Editor’s pickOlam Cocoa and Rainforest Alliance educate school children in Côte d'Ivoire about dangers of deforestation

31-01-2020

Programme educates on sustainable, climate-smart practices.

To mark the United Nations’ International Day of Education, Olam Cocoa has announced plans to extend an education programme that teaches school children from farming communities in Côte d'Ivoire about the impact of climate change and deforestation.

Five schools – comprising of almost 1,000 school children – have participated in the programme so far, and Olam Cocoa has established a partnership with Rainforest Alliance and the Côte d'Ivoire government to extend it to three more this year. The programme is focused on educating the next generation in sustainable, climate-smart practices and further contributes to efforts to eradicate deforestation in the country.

Nanga Kone, country manager for Côte d'Ivoire, Rainforest Alliance, explained: “Educating children on the value of trees and teaching them to grow forest tree seedings in a nursery has double benefit – not only for the students’ education but also in reinforcing the messaging to farmers, because the children go home and talk to their parents about what they are doing at school.”

As part of the programme, school children will be taught about protecting the environment and the importance of trees. Learning will be hands on as they are asked to maintain a shade tree nursery, plant trees and build awareness in their communities. Children will receive rewards for conservation activities, including school supply kits, watering cans, school uniforms, painting pots, and sports equipment.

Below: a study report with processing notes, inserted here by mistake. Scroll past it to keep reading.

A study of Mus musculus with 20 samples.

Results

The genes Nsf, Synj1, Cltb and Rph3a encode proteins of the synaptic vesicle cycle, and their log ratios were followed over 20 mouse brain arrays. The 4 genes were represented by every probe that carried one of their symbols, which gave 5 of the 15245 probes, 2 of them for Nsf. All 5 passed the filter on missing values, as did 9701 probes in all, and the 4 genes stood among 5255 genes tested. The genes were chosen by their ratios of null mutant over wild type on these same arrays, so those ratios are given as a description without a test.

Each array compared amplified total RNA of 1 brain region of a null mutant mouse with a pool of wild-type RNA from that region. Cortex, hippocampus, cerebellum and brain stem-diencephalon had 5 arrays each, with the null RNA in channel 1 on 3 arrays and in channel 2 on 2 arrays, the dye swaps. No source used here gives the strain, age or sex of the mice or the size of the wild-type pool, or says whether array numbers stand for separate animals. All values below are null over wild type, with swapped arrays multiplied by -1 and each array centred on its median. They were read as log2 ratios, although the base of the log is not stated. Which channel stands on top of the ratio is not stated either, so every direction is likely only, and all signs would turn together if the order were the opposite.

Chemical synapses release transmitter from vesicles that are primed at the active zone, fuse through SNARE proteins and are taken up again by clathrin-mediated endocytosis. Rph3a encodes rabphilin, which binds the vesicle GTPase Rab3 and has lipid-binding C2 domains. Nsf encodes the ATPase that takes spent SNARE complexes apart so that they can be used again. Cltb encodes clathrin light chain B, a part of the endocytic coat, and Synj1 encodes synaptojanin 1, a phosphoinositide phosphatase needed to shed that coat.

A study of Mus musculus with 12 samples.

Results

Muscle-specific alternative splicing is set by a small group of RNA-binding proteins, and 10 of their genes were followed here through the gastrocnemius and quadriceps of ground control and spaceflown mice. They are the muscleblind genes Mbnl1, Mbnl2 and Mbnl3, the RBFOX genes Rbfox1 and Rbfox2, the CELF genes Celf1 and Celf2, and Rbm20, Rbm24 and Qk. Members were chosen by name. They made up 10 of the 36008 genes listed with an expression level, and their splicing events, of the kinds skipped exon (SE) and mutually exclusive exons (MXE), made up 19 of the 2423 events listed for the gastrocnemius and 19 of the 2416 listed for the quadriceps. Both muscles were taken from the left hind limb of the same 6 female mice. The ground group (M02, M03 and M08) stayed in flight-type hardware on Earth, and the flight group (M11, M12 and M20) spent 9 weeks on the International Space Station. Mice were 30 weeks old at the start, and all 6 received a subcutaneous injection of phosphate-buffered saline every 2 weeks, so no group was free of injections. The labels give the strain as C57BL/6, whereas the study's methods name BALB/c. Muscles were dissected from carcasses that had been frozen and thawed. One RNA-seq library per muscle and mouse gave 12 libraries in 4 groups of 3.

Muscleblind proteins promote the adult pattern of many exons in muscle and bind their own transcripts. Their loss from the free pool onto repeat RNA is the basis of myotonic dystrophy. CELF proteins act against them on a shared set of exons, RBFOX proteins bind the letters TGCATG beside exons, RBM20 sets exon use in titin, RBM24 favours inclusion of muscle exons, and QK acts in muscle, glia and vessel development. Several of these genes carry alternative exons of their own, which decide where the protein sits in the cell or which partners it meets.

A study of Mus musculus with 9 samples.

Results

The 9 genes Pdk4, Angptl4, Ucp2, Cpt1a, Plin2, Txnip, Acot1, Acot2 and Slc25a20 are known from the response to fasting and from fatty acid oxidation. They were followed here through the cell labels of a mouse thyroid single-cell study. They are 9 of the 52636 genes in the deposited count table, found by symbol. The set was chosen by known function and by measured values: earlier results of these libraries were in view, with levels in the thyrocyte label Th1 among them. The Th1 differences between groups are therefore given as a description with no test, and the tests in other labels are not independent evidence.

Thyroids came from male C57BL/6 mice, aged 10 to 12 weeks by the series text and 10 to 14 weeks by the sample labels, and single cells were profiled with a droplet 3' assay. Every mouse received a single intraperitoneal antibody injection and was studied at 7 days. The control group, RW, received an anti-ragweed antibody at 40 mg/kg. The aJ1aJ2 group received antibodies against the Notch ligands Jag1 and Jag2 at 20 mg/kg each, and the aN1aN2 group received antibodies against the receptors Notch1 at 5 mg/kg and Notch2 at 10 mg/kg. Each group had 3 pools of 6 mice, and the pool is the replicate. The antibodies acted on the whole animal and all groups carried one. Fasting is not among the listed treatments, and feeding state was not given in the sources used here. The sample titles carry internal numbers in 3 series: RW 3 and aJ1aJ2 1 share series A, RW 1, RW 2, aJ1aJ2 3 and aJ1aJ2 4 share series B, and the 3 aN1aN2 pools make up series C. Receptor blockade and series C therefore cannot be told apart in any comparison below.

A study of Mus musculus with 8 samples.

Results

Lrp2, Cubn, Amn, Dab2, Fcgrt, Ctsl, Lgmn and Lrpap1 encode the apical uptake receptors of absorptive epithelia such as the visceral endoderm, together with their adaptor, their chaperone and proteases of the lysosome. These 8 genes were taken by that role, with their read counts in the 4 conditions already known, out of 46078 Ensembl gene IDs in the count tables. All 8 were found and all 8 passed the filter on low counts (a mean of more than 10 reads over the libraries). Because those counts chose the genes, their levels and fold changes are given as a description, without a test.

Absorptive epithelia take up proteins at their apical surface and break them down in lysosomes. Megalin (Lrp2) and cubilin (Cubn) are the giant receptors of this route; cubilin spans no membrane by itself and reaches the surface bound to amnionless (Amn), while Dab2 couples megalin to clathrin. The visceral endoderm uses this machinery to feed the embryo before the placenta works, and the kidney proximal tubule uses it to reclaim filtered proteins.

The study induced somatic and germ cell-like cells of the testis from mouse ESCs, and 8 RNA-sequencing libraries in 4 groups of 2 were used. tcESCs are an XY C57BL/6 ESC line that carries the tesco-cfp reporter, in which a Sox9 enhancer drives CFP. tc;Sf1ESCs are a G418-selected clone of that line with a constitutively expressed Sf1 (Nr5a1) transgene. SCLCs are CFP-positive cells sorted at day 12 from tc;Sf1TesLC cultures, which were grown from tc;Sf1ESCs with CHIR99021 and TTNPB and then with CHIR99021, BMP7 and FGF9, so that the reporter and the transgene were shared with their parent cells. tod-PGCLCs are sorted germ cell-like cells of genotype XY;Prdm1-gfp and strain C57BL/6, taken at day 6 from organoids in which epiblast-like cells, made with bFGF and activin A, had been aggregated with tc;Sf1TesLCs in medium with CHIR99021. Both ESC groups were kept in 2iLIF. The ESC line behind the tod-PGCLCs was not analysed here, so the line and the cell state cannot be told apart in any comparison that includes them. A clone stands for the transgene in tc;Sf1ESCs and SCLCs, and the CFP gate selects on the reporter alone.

Danièle Kouassi, head of cocoa sustainability in Côte d’Ivoire, Olam Cocoa, concluded: “We believe that educating young people and empowering them to become sustainability champions in their communities is key to tackling the problem. We are already working directly with farmers to provide training and resources. By tapping into the interest children and teachers have in protecting the environment, we know we can have an impact that extends much further.”